Best friends forever: How to cultivate friendship in marriage

Every happy marriage has doldrums, but it's possible that this one may just be an opportunity to focus on being your spouse's best friend. Read these tips to find out how to make the most of this time of your life.


  • Then I remembered having similar feelings a few times while we were dating, and my anxiety melted away. Then and now, we were simply focusing on the friendship portion of our relationship. Focusing on our friendship helps us to not take our commitment for granted, and provides a solid foundation for our physical intimacy. As soon as I decided to make the most of this period of contentment, I could see that our love was deepening and that we really are best friends. You, too, can make the most of being married to your best friend with the following ideas.

  • Be involved in things that matter to your spouse

  • My husband’s Ph.D. work involves math, science, and computers, all of which tend to be way, way over my head. But not this week. I asked him to send me the summary paragraph to the scientific paper he’s writing. Then, I spent a couple of hours searching Google and Wikipedia for all the phrases I didn’t understand. Not only was it fun to puzzle through the unfamiliar concepts, but it also made for a great conversation with my husband as I recapped what I learned. He felt very loved.

  • I’m not saying you have to figure out what “two-stage stochastic integer quadratically constrained programming” means. Just try finding out more about something that your spouse finds important. Giving time and attention to what your spouse enjoys will help him to feel important, too. That’s just what best friends do.

  • Remember: your spouse is yours to keep, yours to love, but not yours to fix

  • Sometimes I find myself hoping to help my husband be better without considering how amazing he already is. In many marriages, this comes out as nagging or silent treatments or just a sense of dissatisfaction. I don’t think best friends do that. Today, try just laughing and shrugging off your spouse’s shortcomings, and enjoy his strengths instead. My husband is a great example to me of this. Sometimes my communication skills are lacking, but he focuses on how much he loves my enthusiasm and passionate nature instead. His love gives me the courage to change and is more effective than reminders or rolled eyes could ever be. I want to be more like him!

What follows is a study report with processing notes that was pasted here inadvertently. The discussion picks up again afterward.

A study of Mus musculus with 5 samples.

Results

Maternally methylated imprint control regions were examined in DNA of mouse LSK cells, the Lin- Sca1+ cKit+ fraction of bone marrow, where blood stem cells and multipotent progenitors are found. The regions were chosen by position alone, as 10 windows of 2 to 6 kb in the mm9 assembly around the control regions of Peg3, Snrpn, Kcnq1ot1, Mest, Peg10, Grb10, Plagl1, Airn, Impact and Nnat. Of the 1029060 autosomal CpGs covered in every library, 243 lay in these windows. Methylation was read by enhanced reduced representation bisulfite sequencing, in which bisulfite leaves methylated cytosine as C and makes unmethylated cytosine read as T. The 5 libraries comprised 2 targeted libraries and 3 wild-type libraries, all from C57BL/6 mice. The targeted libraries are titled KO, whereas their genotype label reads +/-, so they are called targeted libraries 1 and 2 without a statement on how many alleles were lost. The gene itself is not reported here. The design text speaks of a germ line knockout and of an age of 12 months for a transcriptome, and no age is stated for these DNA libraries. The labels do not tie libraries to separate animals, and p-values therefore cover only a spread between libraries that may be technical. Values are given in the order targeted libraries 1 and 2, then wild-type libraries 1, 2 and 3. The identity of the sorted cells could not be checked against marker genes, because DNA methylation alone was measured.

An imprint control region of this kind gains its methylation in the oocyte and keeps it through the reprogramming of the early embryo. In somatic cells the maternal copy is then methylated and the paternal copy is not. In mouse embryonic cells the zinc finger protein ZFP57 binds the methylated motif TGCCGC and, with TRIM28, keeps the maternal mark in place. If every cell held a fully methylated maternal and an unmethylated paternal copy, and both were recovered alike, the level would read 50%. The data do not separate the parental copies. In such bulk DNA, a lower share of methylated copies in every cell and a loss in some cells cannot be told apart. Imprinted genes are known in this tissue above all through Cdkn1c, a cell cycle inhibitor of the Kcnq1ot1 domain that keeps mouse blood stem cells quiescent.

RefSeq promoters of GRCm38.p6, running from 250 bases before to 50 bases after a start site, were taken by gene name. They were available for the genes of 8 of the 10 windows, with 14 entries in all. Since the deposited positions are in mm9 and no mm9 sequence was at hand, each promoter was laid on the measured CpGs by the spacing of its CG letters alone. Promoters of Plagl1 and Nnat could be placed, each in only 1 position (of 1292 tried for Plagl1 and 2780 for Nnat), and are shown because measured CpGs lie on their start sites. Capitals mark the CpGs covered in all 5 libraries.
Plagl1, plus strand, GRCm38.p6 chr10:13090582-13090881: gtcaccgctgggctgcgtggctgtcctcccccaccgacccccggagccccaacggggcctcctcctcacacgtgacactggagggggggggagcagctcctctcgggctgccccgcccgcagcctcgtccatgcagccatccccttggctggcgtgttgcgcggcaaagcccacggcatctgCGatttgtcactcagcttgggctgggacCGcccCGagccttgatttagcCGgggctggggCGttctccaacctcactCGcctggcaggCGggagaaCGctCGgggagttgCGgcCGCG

• While writing this article, I have searched my memory for moments that I have delighted in my husband. Doing so transfers my focus from what I wish was different to what I hope never changes. It banishes any fear, resentment or apathy toward my husband. In moments when you’re focusing on unmet expectations, consider the things you have to be grateful for. This helps you to put aside the things that don’t matter and address the things that do matter with an attitude of love, not anger.


  • My husband and I have very childlike mannerisms, so it’s normal for me to walk in the door and cry, “Husbaaaaaaaand!” with a huge smile and outstretched arms, like he’s the best thing that has happened to me all day. (Which he is.) Revealing that you are genuinely excited to interact with your spouse can improve his or her mood because you have bolstered her confidence or given him a little more energy.

  • Think of your favorite college roommate, who you dearly missed, even though she had only gone to class. Or, think of the way your give your dad a huge hug every time you see him. These people are probably among your very best friends. Let those relationships be an example to you of the enthusiasm you can feel and show toward your spouse.

  • Marriage is a unique combination of loyalty, attraction and friendship. Sometimes we need to reiterate our commitment, or seek out moments when we can be intimate. Likewise, friendship must be cultivated in order to have a balanced, joyful marriage. So remember some key things about what it means to be a best friend. Seek out common interests, even if it means learning about something brand new. Focus on what you already love about him or her, not on what you would change.

  • And don’t forget to show your spouse how excited you are to be married to your best friend.